Properties of a nucleus are mostly determined by nucleons at the surface, and they ways in which they move and interact with each other. Sometimes the nucleons behave like birds moving individually in a tree, while others move fluidly and like a murmuration of starlings (pictured).
This project will investigate single-particle and collective behaviour in nuclei, and understand the transition between these two extreme modes. Lifetimes of excited states in a nucleus tell us directly about the underlying physics. These typically relax within femtoseconds, but sometimes 'physics reasons' slow the process. Our lanthanum bromide (LaBr3) detectors are capable of measuring lifetimes down to tens of picoseconds.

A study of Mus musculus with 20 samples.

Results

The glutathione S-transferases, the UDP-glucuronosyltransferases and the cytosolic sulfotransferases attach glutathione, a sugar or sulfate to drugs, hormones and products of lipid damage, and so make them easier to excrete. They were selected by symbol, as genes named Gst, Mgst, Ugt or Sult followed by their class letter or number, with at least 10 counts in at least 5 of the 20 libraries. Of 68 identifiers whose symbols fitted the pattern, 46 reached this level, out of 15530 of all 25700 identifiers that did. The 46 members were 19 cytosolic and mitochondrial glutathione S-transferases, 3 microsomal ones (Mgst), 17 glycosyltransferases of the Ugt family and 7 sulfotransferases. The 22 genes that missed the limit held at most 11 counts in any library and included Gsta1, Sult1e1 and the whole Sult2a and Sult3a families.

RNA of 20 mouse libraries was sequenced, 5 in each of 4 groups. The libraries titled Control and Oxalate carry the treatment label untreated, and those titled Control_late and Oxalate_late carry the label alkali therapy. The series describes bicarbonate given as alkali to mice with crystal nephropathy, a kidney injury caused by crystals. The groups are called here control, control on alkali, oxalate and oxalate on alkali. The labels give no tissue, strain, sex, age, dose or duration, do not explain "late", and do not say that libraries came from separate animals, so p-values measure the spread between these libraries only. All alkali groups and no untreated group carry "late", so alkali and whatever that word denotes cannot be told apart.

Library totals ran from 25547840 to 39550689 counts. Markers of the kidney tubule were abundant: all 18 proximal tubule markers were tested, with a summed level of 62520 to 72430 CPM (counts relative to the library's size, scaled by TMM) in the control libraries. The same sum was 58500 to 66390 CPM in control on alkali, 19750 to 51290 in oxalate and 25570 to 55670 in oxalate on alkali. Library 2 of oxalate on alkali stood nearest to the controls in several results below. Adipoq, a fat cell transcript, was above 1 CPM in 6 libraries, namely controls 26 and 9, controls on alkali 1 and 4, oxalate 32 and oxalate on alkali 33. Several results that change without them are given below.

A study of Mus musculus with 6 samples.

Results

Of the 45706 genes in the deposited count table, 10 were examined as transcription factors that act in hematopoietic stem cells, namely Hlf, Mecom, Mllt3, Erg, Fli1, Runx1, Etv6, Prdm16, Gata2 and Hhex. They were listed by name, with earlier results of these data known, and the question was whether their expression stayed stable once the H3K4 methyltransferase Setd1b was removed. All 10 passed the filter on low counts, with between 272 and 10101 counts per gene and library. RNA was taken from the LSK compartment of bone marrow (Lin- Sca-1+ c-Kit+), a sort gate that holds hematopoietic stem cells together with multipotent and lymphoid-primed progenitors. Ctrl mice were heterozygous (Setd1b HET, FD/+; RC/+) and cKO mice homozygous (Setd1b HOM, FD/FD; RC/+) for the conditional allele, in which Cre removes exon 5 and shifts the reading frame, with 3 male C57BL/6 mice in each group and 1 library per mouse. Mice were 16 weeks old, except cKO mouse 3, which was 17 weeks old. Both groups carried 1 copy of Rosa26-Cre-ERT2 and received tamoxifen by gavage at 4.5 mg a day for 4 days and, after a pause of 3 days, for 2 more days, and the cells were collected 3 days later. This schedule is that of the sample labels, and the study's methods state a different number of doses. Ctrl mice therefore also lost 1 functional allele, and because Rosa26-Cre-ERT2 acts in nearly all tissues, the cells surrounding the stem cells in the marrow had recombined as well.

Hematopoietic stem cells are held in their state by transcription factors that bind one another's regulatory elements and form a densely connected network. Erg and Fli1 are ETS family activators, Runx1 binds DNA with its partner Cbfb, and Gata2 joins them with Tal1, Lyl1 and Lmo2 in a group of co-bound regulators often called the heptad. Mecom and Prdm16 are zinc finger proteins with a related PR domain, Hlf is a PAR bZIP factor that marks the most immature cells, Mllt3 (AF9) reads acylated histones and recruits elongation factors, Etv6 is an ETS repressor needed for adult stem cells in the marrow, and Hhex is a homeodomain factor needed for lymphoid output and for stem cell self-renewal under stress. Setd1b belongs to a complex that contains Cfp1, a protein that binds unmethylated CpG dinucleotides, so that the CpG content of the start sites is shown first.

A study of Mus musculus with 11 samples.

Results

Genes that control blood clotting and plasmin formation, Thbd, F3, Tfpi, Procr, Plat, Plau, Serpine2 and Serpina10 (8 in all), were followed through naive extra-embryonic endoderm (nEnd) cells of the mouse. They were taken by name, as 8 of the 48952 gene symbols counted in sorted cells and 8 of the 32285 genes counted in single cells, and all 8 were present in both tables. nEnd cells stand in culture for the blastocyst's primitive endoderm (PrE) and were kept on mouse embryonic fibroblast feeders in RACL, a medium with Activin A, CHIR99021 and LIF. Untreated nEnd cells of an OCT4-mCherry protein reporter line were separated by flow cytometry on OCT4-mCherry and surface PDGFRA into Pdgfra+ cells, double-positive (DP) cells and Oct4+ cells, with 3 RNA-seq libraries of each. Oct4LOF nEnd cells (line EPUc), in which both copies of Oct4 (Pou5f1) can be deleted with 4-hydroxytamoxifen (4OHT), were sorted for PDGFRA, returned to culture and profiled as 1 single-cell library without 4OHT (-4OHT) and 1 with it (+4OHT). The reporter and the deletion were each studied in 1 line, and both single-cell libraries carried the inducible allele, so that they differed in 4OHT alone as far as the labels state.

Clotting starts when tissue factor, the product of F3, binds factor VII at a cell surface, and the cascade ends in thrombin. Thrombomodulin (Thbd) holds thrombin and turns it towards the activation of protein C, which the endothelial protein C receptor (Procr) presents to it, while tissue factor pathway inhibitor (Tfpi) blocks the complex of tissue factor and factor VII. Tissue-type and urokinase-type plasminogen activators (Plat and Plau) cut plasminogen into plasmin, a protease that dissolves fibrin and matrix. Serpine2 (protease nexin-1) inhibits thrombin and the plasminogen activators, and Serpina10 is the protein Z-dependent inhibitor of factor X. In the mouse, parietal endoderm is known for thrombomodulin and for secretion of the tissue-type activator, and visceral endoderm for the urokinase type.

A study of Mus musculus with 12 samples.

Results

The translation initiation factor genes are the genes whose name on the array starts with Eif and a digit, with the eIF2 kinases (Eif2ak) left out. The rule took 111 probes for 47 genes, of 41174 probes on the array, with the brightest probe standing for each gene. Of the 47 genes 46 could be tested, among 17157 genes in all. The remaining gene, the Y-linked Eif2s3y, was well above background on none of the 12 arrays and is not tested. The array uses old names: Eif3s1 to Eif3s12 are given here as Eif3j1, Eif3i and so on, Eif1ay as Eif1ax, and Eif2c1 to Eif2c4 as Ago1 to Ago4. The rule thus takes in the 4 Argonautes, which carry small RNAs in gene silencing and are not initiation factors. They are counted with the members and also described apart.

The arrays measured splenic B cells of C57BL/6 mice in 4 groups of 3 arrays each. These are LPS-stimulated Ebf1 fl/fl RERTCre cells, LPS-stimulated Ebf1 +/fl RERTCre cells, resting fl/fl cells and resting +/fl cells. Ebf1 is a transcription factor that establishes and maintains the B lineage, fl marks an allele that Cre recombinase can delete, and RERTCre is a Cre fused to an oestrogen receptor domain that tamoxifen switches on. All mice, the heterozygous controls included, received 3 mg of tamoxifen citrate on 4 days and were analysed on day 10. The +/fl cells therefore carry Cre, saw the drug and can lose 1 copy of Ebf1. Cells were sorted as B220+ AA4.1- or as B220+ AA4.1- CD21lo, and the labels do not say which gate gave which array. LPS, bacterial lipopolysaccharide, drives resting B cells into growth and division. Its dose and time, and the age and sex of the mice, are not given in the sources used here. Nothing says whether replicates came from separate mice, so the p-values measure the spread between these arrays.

We have several researh programs connected to this project, such as testing the shell-model structure of nuclei near 208Pb, and the nature of the K quantum number in well-deformed nuclei.
A typical student project will use the 14UD particle accelerator to artificially create the nuclei we wish to study. You will study the gamma rays they emit, and use these as a fingerprint to figure out what the nucleus looks like, and compare the measured state lifetimes to theoretical models to interpret the experimental results. Our students are also encouraged to contribute to the local research activities at the Heavy Ion Accelerator Facility. Projects can easily be tailored to suit the student’s level of experience, interests, and desired learning outcomes. We are happy to answer any questions you might have, and we’re keen to welcome new students into our research group.
No specific background knowledge is required, the best way to learn is by ‘doing’. This project will suit students who are curious about nuclear physics and enjoy solving puzzles.